Police Challenge Article 3 Ruling In Supreme Court

Next Monday and Tuesday 13 and 14 March, women’s groups will intervene in a hearing in the Supreme Court, which will decide whether the police owe an actionable legal duty to investigative the crimes of ‘black cab rapist’, John Worboys.

The appeal arises from an historic claim brought by two victims of the serial rapist John Worboys against the Metropolitan Police, for a series of systemic and individual failings which left Worboys free to continue his crimes.

The women brought their claims under Article 3 of the Human Rights Act, which prohibits inhuman and degrading treatment, including rape. They claim the police have a duty under Article 3 to investigate credible allegations of rape and in their case the police’s numerous failings amount to an unlawful breach of this duty.

First the High Court and then the Court of Appeal agreed with the women and upheld their claims. But having fought the case from the outset, the Commissioner of the Metropolitan Police, now with the support of the Home Secretary, is appealing to the Supreme Court.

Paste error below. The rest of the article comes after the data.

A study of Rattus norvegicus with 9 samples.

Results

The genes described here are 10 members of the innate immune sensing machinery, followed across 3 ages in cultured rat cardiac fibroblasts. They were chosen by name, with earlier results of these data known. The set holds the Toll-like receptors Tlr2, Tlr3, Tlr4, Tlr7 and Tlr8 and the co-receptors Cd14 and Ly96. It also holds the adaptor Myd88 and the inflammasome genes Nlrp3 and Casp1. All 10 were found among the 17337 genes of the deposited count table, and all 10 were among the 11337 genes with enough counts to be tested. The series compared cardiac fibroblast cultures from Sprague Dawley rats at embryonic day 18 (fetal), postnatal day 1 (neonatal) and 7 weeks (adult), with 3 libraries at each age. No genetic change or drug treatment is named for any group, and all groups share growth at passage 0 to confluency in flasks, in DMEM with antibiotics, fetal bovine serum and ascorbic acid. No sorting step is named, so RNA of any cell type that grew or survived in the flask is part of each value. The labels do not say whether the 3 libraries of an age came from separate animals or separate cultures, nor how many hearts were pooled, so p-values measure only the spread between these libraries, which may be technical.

Sarah Ricca of Deighton Pierce Glynn represents the four women’s organisations who have been given permission by the Supreme Court to intervene in the case, to bring their expertise and understanding of violence against women to bear upon the court’s deliberations. The organisations are Rape Crisis England & Wales, End Violence Against Women Coalition, nia and Southall Black Sisters.

She says:

“The decisions in the High Court and Court of Appeal marked a significant step towards the recognition of the rights of women to equal protection from the law in relation to gender-based violence. This further challenge by the police, supported by the Home Secretary, is an attempt to turn the clock back on women’s rights.”